Economy Minister Naftali Bennett on Wednesday announced he plans to lower import taxes on a basket of dairy products including butter and yogurt by 80 percent.
“We are continuing to open up the economy and bring down prices,” Bennett said.
Currently, customs on some dairy imports stands at over 100%, he said.
The reduced tariffs will have quotas, which Bennett says will help small companies increase their share in the import market and increase competition.
“I expect the reduction in customs will be passed on to consumers,” he said.
The full list of reduced quotas, which will apply to retail-packaged butter, concentrated and non-concentrated milk and cream, buttermilk and yogurt, will be published in the coming days.
The policies are based on the Locker Guidelines, issued by the government’s committee on dairy reforms headed by Harel Locker, director-general of the Prime Minister’s Office.
The dairy market in Israel is a complex mix of protectionism and regulation. The government regulates the price of dairy products and outlines quotas for small dairy farms, which typically sell their product to one of three large manufacturers: Tnuva, Strauss and Tara.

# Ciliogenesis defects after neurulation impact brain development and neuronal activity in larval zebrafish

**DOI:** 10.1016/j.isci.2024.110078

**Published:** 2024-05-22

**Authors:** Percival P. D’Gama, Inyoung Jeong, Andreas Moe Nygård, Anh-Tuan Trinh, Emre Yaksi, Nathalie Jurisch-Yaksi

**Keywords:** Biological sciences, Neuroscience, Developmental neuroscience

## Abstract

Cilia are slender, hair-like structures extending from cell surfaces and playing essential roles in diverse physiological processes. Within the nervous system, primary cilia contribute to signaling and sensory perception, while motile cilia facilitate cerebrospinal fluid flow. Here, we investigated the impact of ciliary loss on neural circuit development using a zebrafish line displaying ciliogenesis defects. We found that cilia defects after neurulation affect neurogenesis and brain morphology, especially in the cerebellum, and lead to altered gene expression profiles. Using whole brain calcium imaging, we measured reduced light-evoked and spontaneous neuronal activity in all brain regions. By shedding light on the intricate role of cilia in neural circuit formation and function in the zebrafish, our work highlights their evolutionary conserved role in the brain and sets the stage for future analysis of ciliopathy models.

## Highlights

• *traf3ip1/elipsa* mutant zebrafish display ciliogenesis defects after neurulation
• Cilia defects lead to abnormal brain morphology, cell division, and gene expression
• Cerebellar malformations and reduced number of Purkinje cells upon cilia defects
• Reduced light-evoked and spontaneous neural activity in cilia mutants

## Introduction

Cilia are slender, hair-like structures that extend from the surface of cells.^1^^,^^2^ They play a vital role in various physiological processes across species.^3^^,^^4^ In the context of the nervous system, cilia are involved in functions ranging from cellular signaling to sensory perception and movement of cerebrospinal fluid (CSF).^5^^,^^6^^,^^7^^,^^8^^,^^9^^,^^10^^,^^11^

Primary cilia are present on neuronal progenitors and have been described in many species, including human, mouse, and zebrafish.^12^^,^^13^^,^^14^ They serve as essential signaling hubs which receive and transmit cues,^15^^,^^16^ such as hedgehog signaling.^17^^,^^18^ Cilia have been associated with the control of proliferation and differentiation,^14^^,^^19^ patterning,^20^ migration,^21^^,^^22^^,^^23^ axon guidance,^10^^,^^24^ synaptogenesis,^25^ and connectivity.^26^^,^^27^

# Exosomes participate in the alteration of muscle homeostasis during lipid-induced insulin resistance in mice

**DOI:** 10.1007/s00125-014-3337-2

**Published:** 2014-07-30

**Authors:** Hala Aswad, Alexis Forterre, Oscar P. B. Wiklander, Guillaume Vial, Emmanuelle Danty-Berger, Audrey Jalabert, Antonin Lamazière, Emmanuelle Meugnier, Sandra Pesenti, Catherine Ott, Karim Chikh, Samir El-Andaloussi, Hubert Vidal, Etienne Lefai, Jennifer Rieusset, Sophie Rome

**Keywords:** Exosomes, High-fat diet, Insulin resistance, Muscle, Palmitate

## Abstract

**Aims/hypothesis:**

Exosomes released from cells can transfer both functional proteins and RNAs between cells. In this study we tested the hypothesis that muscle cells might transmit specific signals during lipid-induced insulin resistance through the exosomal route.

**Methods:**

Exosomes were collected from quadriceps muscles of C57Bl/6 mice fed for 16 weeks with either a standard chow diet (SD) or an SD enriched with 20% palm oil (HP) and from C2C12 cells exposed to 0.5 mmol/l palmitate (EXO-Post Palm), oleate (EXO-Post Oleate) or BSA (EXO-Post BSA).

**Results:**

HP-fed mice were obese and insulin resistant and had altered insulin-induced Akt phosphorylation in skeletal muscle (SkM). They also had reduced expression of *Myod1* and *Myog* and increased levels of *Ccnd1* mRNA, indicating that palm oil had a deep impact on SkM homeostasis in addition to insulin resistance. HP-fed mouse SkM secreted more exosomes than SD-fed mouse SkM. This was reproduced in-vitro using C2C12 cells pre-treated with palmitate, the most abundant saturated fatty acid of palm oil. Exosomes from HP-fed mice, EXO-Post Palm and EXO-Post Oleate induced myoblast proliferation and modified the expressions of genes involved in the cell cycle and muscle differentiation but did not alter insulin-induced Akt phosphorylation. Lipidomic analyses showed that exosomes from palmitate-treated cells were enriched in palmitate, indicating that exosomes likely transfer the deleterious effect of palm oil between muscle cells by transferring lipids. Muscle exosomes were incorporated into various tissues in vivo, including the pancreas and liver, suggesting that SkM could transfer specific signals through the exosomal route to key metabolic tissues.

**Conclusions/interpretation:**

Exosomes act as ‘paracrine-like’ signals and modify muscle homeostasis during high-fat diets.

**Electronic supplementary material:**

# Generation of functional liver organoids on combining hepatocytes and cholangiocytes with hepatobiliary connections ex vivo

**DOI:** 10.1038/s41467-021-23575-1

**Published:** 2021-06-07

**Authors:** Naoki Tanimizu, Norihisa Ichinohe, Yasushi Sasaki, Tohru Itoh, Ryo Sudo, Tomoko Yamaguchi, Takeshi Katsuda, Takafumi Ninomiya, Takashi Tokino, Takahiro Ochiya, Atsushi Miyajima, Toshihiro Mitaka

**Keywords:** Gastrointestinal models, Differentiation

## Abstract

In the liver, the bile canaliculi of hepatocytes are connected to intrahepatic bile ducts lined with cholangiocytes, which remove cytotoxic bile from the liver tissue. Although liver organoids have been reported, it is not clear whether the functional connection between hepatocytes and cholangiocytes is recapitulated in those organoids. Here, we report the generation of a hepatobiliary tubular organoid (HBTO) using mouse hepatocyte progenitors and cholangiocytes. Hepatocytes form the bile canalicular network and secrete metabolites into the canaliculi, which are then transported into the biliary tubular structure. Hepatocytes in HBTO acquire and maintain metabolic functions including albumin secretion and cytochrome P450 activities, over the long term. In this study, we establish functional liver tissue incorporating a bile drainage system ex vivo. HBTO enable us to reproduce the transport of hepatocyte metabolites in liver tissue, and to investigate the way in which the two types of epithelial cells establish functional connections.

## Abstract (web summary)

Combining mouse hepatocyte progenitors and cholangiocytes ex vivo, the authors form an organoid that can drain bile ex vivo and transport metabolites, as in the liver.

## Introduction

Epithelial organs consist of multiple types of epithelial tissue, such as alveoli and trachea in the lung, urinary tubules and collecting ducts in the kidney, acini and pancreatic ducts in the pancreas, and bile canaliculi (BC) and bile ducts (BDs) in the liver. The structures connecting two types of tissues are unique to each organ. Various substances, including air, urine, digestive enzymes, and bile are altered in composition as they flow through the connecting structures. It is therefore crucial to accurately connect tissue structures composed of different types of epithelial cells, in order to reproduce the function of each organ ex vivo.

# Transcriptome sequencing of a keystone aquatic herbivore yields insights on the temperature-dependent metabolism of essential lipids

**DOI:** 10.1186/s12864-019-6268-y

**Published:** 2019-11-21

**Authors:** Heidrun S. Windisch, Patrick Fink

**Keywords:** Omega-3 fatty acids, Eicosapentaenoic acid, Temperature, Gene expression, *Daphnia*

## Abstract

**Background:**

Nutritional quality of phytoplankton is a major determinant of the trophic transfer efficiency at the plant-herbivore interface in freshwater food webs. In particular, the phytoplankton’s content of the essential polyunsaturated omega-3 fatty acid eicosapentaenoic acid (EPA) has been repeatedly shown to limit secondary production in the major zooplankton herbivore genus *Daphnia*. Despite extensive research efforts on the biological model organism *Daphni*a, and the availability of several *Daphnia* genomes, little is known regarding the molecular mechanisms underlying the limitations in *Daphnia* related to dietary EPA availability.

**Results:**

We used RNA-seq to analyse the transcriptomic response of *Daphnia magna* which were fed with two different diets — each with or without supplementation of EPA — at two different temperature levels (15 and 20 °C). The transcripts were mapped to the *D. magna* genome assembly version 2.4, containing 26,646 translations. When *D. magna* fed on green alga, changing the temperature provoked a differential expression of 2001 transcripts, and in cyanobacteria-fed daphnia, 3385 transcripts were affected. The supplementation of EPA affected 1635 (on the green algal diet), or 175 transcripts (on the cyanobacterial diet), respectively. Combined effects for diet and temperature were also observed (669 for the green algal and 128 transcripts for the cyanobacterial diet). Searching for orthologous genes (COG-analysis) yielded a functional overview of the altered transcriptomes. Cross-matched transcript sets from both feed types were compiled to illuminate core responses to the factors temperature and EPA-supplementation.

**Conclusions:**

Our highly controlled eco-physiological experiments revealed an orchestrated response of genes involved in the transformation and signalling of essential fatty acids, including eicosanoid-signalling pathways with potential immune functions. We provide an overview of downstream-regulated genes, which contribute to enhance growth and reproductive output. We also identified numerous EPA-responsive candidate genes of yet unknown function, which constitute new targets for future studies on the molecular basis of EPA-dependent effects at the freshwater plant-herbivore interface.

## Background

Tnuva controls some 70% of the market and is considered a legal monopoly by the Israel Antitrust Authority, which has regulatory power to prevent it from price gouging.
Although Israeli agricultural technology has made its cows the most efficient dairy producers in the world, the combination of high tariffs, quotas, price regulation and Israel’s geographical isolation from other dairy producers has led to a situation in which prices are higher than in most OECD countries.
Dairy is a controversial issue for the public. In 2011, skyrocketing cottage cheese prices set off a wave of boycotts that helped build momentum for the summer protests over the cost of living.
On Tuesday, the Knesset Economic Affairs committee voiced opposition to the possible sale of Tnuva to China’s state-owned Bright Food Group Co., arguing that the fate of Israel’s dairy industry should not be in foreign hands.